Is it possible to correct an invoice issued to a receipt with an incorrect NIP number?
Since January 1, 2020, in the case of sales registered with a cash register, sellers have only been allowed to issue invoice to taxpayers only if the relevant receipts contain the buyer's tax identification number (NIP).
The regulation is intended to further tighten up the tax system. However, in connection with its application, practical interpretation problems arose soon, and the first interpretations unfavourable to taxpayers were issued even before its entry into force.
One of them (a private tax ruling issued on December 20, 2019, case no. 0111-KDIB3-2.4012.590.2019.3.SR) concerned a company engaged in retail sale of goods and services at petrol stations which recorded sales individuals not conducting business with a cash register. However it often occurred that, after the receipt of a fiscal receipt, a customer requested an invoice and provided his NIP.
In view of the new amendments, the company was not sure how to proceed from the next year on in a situation where the tax identification number provided by the taxpayer when issuing a receipt was incorrect. In such cases, it planned, after issuing an invoice with the NIP number indicated on the receipt, to issue a correcting invoice with the correct number or to accept correcting notes issued by customers. It is worth emphasizing that it was not about tax identification numbers belonging to other taxpayers, but about the situation in which the buyer made a mistake, by e.g. changing order of the digits.
However, the Head of the National Revenue Information Service disagreed with the approach. He pointed out that a correcting invoice can only be issued under strict conditions specified in the statute. One of them is when an error has been detected in the price, rate or amount of tax or in any other item in the invoice. Similarly, correcting notes can only be issued by a buyer of goods or services where the invoice or correcting invoice received include errors. However, one must not speak about an error when a purchaser has provided an incorrect tax identification number.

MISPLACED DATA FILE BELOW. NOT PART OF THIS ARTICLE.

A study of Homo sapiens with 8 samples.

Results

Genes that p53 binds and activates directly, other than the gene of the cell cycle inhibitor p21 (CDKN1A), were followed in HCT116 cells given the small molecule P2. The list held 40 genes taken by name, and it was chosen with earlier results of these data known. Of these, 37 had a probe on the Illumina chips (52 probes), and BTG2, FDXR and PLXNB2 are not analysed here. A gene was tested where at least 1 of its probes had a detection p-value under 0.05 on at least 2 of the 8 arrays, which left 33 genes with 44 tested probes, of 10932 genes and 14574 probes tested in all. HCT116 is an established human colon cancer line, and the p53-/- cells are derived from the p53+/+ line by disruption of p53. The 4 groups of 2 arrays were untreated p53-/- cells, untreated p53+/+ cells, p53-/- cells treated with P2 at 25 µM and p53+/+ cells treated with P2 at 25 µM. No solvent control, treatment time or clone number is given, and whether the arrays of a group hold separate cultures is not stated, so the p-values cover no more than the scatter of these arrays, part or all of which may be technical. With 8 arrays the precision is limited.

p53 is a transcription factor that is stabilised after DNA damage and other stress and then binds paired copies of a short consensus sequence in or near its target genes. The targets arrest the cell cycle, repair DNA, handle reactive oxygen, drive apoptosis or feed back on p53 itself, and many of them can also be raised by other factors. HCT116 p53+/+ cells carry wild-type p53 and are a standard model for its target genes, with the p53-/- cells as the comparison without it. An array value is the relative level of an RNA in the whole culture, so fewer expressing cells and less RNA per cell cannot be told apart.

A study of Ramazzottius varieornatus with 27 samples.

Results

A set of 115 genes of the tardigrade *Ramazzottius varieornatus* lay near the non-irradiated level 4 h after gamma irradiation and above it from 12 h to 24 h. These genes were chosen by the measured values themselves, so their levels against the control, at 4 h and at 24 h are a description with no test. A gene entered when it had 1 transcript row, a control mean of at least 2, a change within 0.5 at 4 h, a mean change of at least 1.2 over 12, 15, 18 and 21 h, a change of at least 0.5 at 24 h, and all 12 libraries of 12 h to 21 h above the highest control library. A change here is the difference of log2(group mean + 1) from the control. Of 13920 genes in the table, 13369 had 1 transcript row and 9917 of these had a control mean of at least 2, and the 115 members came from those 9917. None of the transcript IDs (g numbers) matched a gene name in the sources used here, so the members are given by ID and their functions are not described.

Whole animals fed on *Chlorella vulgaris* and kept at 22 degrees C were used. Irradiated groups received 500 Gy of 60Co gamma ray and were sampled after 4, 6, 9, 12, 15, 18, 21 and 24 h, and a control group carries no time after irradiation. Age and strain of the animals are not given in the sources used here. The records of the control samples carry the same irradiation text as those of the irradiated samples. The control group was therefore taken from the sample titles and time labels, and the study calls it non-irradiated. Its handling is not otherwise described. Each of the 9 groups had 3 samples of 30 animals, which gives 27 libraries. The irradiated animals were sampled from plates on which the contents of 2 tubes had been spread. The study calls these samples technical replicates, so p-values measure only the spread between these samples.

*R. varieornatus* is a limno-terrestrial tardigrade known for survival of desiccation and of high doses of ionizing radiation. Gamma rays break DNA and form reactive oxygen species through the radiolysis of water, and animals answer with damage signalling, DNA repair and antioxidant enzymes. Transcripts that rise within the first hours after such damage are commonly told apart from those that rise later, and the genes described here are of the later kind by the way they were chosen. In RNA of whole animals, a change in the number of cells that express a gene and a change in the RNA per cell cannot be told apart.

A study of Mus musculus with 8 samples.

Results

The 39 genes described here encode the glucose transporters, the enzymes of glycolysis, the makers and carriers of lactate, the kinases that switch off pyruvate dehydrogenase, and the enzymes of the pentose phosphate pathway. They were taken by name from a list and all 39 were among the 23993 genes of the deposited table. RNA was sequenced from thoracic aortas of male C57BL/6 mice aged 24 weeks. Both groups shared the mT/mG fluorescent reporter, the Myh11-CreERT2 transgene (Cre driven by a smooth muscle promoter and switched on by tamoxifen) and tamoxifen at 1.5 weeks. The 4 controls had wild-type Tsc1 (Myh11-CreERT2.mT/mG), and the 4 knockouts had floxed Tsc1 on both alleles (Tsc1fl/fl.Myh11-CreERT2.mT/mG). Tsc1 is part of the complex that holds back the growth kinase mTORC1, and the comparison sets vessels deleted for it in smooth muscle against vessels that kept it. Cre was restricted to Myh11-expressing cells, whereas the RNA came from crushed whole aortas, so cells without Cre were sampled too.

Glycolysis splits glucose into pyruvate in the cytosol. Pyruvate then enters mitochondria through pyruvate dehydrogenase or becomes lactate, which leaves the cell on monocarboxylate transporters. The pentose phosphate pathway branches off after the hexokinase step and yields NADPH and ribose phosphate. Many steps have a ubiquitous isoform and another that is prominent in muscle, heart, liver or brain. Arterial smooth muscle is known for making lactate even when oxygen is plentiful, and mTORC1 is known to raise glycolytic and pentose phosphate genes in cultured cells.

Furthermore, the authority pointed out that where a fiscal receipt carries an incorrect tax identification number (NIP), it will not be possible to identify the purchaser, because fiscal receipts do not contain any other data that would allow this. Therefore, the seller will not be able to issue an invoice containing a tax identification number (NIP) to such a receipt.
The above interpretation of the regulations is contrary to the official construction presented by the Ministry of Finance, which indicated, in an announcement of January 3, 2020, that fiscal receipts of up to PLN 450 incl. tax (i.e. approx. EUR 100) with the buyer’s tax identification number constitutes a simplified invoice. Therefore, if it constitutes an invoice itself and it is not necessary to issue on its basis any separate documents, the regulations concerning correcting invoices apply directly to it. Such regulations allow for the correction of an incorrect tax identification number in the event of an obvious mistake (for example: incorrect digit sequence or a mistake in one digit).
However, this does not remove all doubts. The issue of which mistakes can be recognized as obvious will certainly become the subject of disputes between taxpayers and tax authorities.
Wojciech Jasiński, Tax Consultant, ATA Tax Sp. z o.o.